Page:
Friday, April 6 at 9:50 a.m.
The night closures and work scheduled Saturday, April 7 and Sunday, April 8 have been cancelled due to predictions of inclement weather. Weather permitting, work and closures will resume 10 p.m. Monday, April 9.
It is that time of year of again: work on the Hood Canal Bridge is returning. Work began last year to rehabilitate the drawspan's mechanical components. This is no easy task, as it is the longest saltwater floating bridge in the world at 7,867 feet. Ongoing maintenance is necessary to keep the bridge operationally sound for travelers and marine vessels who rely on Hood Canal and the bridge as an economic, military, transportation and tourist lifeline.
|Sunset over the Hood Canal Bridge|
Bridge crews do preventative maintenance on the bridge weekly to maintain the operability of the bridge, which sits in harsh and corrosive salt water by way of floating pontoons. The water depth beneath those pontoons reaches almost 300 feet. In 2009 when the east half of the bridge was replaced, many of the mechanical parts were exchanged to provide reliable operations around the clock to both marine and vehicle traffic.
Due to the uniqueness of this bridge, work on it is never over, but we do our best to maintain traffic flow while bridge work is underway.
|Fine-tuning the alignment of the guide rollers in summer 2017 resulted in better alignment of the drawspan of the bridge.|
In 2017, we undertook the exacting process of realigning the Hood Canal Bridge's guide rollers. The guide rollers keep the drawspan in alignment as it opens to allow vessels to pass through. This decreases the power consumption in operating the bridge and decreases wear and tear on the drive gears and motors. We also replaced worn hydraulics hoses that circulate hydraulic fluid to mechanical equipment that operate the bridge. This minimizes the risk of hydraulic fluid leakage.
What work is happening this year?
From April through this fall, crews will perform "part two" of this project. First, we will verify the drawspan's alignment by making minor, final adjustments, and then we will replace the mechanical components that operate it. Crews will exchange the drawspan's lower gearboxes, rehabilitate the upper gearboxes and replace the hydraulic fluid on the west half of the bridge. Much of the work must occur during the night slack tides when there is little water movement and light winds. Whenever possible, we limit this work to overnight hours.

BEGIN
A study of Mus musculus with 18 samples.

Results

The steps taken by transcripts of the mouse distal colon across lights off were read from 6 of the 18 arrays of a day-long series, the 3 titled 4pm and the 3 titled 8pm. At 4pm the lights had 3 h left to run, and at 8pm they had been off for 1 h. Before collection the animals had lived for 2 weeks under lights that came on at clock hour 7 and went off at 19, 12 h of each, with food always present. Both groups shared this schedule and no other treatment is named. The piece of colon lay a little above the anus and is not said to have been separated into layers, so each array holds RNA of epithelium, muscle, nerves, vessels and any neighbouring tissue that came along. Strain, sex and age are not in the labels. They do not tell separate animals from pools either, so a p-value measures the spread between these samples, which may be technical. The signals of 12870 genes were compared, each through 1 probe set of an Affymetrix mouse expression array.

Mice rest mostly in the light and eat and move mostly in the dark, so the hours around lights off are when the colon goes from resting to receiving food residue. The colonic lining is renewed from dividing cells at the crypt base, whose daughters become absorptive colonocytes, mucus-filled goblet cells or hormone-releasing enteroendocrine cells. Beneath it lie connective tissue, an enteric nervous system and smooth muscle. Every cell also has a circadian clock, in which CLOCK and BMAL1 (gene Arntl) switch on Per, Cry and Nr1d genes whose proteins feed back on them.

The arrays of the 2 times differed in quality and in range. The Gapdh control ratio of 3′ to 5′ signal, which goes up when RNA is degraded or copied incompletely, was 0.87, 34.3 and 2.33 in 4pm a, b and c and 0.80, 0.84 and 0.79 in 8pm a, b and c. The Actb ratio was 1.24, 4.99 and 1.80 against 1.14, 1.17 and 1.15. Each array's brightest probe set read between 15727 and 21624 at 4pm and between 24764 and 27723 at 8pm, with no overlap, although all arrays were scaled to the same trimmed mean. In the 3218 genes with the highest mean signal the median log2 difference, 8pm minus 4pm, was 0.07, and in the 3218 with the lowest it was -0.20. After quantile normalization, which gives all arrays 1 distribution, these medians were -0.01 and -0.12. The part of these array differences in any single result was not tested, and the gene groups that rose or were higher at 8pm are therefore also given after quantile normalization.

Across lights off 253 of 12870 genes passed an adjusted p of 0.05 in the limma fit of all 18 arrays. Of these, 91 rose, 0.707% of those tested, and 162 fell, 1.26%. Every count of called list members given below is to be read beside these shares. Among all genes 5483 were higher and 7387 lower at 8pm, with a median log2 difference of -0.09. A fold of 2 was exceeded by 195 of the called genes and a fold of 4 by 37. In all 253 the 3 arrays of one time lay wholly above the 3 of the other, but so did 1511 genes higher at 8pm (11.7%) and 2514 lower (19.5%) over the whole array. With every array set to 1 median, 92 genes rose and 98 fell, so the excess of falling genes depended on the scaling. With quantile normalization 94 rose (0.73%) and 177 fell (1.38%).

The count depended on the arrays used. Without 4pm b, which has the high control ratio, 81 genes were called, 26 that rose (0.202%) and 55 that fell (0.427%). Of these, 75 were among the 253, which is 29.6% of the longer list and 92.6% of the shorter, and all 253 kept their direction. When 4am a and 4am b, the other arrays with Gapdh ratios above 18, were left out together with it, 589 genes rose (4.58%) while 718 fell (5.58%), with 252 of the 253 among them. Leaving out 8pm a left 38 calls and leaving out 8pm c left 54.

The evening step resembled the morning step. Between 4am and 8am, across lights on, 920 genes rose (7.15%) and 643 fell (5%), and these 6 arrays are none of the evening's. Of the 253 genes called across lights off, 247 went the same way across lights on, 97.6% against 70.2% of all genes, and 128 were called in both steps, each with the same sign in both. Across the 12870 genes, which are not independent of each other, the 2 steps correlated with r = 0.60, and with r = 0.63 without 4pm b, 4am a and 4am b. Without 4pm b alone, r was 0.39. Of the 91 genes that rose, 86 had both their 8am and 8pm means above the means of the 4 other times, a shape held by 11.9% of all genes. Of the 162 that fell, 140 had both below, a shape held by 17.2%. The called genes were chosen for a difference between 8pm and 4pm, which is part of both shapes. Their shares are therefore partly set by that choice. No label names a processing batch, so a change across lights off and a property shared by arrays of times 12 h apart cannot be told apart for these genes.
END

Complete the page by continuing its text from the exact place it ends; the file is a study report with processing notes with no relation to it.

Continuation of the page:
What closures are coming?
Work will be done in stages, including:
- Wheel alignment verification, requiring five intermittent nighttime closures between Wednesday night April 4 and early Wednesday morning, April 11.
- Next, hydraulic fluid will be replaced and the west end gearboxes will be removed. This is expected to take up to three weeks. Mariners should note that replacing the gearboxes will restrict drawspan openings from a full 600-foot span opening to a half 300-foot span opening.
- This summer there will be up to three nighttime closures for testing of the components. Once that's done, we can begin replacing gear boxes on the east half of the bridge.
- Final testing will be done in the fall once the final gear boxes are in place. This could require more intermittent overnight traffic closures.
In early April travelers can expect up to five intermittent night closures. Crews will occasionally open the bridge to traffic to ease congestion as work allows. All closures will begin at 10 p.m. and last until 4 a.m. each weekday beginning Wednesday, April 4 through Tuesday, April 10. Night closures and work scheduled Saturday, April 8 and Sunday, April 8 have been cancelled due to predictions of inclement weather.
Emergency response vehicles will be allowed through as quickly as possible.
Other such night closures will be scheduled through the summer and will be announced as they approach.
What about additional marine closures?
Federal law gives boats the right-of-way over vehicles when bridges block the path of marine traffic. The rule does not apply to commercial, U.S. Navy or other Department of Defense vessels.
How to stay informed:
There are a number of ways to stay up-to-date on this project:
- Follow us on Twitter.
- Check our Hood Canal Bridge website.
- Sign up for our email/text alerts.
- Download our mobile app.
We will also use highway radio and signage to alert travelers of closures. We know it's always a challenge when we close highways and we appreciate your patience as we get this important work done.